California Watch is announcing today the first winner of our “Debate Championship” promotion.

Let’s back up. Last month we announced that we would be giving away free a iPod Touch for the next six months to encourage responsible commenting on our site. At the end of every month, we’ll be taking the best comments posted in response to our stories, blogs and data, and entering names into a drawing. One winner will be chosen each month. (Apple threw in a bunch of freebies when we equipped our staff with new laptops a few months ago, and that’s why we’re stocked with these iPods.)

And we have our first winner. It’s Barbara Weiss of Sacramento. Weiss, a state worker who also teaches at Sacramento City College, had commented on Chase Davisstory about vacation payouts to state workers.  

The next drawing will be held in early May. Here are more details about the promotion. Keep those good comments coming.

California Watch is a project of the Center for Investigative Reporting and is now the largest investigative reporting team operating in the state. Visit the Web site at www.californiawatch.org for in-depth coverage of K-12 schools, higher education, money and politics, health and welfare, public safety and the environment.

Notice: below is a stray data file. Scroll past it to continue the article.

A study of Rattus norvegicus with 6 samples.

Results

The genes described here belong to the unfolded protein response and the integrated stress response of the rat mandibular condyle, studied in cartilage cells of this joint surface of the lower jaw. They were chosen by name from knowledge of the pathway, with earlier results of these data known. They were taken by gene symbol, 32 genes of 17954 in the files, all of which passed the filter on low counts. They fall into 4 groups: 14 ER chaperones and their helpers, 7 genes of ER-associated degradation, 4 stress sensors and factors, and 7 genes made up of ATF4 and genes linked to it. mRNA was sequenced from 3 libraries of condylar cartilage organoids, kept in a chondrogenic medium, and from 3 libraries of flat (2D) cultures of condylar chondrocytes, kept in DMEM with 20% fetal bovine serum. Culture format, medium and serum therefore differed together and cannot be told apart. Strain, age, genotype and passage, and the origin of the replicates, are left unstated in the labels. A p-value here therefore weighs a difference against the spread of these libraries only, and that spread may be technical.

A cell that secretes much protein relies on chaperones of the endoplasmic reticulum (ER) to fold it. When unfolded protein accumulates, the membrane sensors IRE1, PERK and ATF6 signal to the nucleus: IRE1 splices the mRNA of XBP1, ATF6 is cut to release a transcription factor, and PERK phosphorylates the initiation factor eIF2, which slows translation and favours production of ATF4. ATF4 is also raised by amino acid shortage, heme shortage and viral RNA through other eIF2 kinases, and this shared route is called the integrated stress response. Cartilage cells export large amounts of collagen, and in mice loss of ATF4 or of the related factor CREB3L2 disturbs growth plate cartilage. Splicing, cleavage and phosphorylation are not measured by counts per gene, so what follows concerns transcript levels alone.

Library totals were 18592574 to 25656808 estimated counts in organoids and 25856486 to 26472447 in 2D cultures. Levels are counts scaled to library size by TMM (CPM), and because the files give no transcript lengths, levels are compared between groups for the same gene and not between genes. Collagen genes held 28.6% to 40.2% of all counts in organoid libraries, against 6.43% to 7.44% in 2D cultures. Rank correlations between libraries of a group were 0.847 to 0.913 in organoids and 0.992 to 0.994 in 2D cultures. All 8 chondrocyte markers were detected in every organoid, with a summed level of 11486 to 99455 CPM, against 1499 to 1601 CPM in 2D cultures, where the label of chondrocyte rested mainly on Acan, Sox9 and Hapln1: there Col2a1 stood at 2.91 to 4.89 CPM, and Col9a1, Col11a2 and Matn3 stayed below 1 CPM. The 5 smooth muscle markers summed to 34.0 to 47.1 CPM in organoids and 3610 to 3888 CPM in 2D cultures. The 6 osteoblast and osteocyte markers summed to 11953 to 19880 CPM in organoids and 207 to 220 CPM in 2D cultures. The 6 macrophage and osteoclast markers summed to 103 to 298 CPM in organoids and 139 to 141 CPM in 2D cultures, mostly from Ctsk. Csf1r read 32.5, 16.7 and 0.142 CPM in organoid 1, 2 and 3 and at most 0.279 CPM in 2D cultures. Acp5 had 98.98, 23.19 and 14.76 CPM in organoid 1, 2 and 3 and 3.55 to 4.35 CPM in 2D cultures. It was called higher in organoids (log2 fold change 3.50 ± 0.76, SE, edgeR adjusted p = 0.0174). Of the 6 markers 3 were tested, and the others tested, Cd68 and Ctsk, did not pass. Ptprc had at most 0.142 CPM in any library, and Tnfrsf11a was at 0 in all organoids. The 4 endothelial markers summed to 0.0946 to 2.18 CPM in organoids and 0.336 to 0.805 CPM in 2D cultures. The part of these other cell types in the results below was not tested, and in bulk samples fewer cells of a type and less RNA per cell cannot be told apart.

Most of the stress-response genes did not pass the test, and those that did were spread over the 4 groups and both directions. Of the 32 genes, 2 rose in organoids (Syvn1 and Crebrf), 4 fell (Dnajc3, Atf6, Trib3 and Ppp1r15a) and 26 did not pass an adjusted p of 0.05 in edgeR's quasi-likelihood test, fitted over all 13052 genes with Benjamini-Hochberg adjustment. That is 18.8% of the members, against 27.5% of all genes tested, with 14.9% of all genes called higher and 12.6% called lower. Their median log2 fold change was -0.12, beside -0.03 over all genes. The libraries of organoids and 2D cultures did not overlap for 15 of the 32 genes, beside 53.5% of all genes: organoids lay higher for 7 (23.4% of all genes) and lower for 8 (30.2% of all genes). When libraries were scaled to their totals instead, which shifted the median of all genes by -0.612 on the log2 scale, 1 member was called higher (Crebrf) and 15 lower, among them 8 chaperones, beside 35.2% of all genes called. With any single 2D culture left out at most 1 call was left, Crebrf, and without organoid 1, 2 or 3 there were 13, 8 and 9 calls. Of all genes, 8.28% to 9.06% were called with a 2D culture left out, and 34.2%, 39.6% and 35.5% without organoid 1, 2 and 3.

Mark Katches is a past editorial director for The Center for Investigative Reporting. He is currently editor of the Oregonian and vice president of content for the Oregonian Media Group. Previously, he built and ran investigative teams at the Milwaukee Journal Sentinel and Orange County Register. Mark was the primary editor of Pulitzer Prize-winning projects in both 2008 and 2010 and edited or managed five other stories that were Pulitzer finalists. Projects he edited or directed also have won the George Polk Award, the IRE award and the Scripps-Howard National Journalism Award as well as the Goldsmith Prize for Investigative Reporting, the Worth Bingham Prize, the Sigma Delta Chi Award and the National Headliner Award. Multiplatform projects produced by CIR staff under Mark's guidance won a national News & Documentary Emmy, two Alfred I. duPont-Columbia University Awards, a George Foster Peabody Award and an Edward R. Murrow Award. He has overseen projects or websites that have won four Online Journalism Awards in the last decade, in addition to logging more than a dozen OJA finalists. In 2001, he was part of a reporting team that won the Gerald Loeb and IRE awards for a series of stories detailing the rising profits from the human tissue trade. He completed a Punch Sulzberger Fellowship at Columbia University in 2013 and has taught reporting classes as an adjunct professor at the University of Southern California, UC Berkeley's Graduate School of Journalism and Stanford University. Mark served on the board of directors of Investigative Reporters and Editors for four years and oversaw the IRE mentorship program for six years.